Coat of Hopes: Extraordinary 'patchwork of emotions' coat on display in Yorkshire this month

A patchwork coat full of emotion will be in Bradford until the end of the month.

The Coat of Hopes is an extraordinary community-created patchwork coat made up of over 600 blanket patches. It will be on display from Saturday during the Cathedral’s usual opening hours.

Having completed over 932 miles of travelling, Bradford Cathedral will welcome the Coat of Hopes, where it will be displayed for three weeks, in collaboration with Shine, West Bowling, a mission partner of the Cathedral.


The Coat of Hopes. Picture: Christopher ChungThe Coat of Hopes. Picture: Christopher Chung
The Coat of Hopes. Picture: Christopher Chung

Starting out blank, patches were sewn into the coat on its walk. The coat was worn and walked from the south coast of England to COP 26 in Glasgow in 2021. This was a nine-week “pilgrimage” with the destination being the coming together of world leaders to make commitments towards a liveable future on Earth.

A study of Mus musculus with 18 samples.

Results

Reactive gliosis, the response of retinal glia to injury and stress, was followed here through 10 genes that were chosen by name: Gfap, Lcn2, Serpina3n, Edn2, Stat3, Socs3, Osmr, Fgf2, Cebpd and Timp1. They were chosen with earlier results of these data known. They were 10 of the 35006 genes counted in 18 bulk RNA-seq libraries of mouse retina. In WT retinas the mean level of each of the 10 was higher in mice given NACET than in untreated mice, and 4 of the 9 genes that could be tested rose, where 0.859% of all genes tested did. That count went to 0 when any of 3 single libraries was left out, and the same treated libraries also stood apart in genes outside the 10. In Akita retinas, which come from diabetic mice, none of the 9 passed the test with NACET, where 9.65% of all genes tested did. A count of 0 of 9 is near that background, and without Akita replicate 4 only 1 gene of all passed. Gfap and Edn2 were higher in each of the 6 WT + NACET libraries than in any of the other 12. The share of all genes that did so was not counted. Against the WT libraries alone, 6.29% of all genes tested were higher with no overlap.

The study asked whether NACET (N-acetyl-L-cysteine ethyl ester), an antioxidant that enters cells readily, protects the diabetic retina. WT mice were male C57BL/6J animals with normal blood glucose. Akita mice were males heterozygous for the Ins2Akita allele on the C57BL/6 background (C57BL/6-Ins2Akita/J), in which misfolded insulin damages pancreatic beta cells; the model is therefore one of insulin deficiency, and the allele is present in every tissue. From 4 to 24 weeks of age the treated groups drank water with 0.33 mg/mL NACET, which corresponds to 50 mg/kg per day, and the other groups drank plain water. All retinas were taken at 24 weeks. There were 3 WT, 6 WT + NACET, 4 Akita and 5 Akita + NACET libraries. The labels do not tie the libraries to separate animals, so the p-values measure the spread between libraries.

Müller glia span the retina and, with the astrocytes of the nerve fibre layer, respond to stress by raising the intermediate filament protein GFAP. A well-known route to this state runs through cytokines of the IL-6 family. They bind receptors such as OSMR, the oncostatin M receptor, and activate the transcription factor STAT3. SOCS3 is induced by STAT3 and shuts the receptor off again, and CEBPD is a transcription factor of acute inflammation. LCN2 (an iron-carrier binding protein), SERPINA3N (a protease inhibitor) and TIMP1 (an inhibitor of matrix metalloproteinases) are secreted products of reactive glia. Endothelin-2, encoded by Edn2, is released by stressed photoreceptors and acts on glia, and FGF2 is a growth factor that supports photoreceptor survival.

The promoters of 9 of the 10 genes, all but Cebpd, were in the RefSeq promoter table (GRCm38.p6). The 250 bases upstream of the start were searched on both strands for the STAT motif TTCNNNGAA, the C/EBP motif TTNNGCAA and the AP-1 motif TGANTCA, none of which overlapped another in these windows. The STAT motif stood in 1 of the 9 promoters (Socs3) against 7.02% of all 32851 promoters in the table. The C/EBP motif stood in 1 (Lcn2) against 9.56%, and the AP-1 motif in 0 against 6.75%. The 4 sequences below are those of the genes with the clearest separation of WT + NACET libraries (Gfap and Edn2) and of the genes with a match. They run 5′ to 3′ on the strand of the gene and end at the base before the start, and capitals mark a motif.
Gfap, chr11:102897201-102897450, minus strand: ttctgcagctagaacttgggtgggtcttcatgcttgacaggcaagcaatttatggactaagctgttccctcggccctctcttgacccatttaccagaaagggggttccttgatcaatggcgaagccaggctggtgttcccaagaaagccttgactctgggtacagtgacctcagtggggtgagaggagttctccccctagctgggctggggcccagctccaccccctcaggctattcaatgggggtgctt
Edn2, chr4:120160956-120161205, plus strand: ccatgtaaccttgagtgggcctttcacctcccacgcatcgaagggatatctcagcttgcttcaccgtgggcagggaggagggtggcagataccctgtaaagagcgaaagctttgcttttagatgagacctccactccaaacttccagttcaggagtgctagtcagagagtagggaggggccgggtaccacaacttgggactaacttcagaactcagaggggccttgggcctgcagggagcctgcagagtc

Since then, the coat has been travelling across Scotland and back down into England, recently completing the leg between Edinburgh to York. It will soon set off from the Friargate Quaker Meeting House to Bradford Cathedral, where it will be displayed in the West End tower space from now until Saturday June 29.

The coat will arrive on Friday evening, at the start of the Tree of Life concert, and will be available to view during the Cathedral’s usual opening hours of Monday to Saturday from 10am to 4pm, and around services, unless it is on display temporarily elsewhere in the community.

piece, as well as a chance to watch a short video about its original journey.

On June 29, at the end of its stay, the coat will continue its walk to Haworth Parish Church, a patronage church of the Cathedral, and all are invited to walk with the coat on this journey of 11 miles.

Artist Barbara Keal said: “The coat’s work through this ongoing pilgrimage is to offer everyone the invitation to stop and, in wearing it, to focus on the climate and ecological emergency, and our connection to all those others who face it with us.”

The Rev Canon Ned Lunn, Canon for Intercultural Mission and the Arts at Bradford Cathedral, saids: “We are excited to be collaborating with our mission partner, Shine in West Bowling, in welcoming the Coat of Hopes to Bradford.


“The Coat of Hopes is a foretaste of these as well as connecting with one of our passions at the Cathedral, care for the environment.”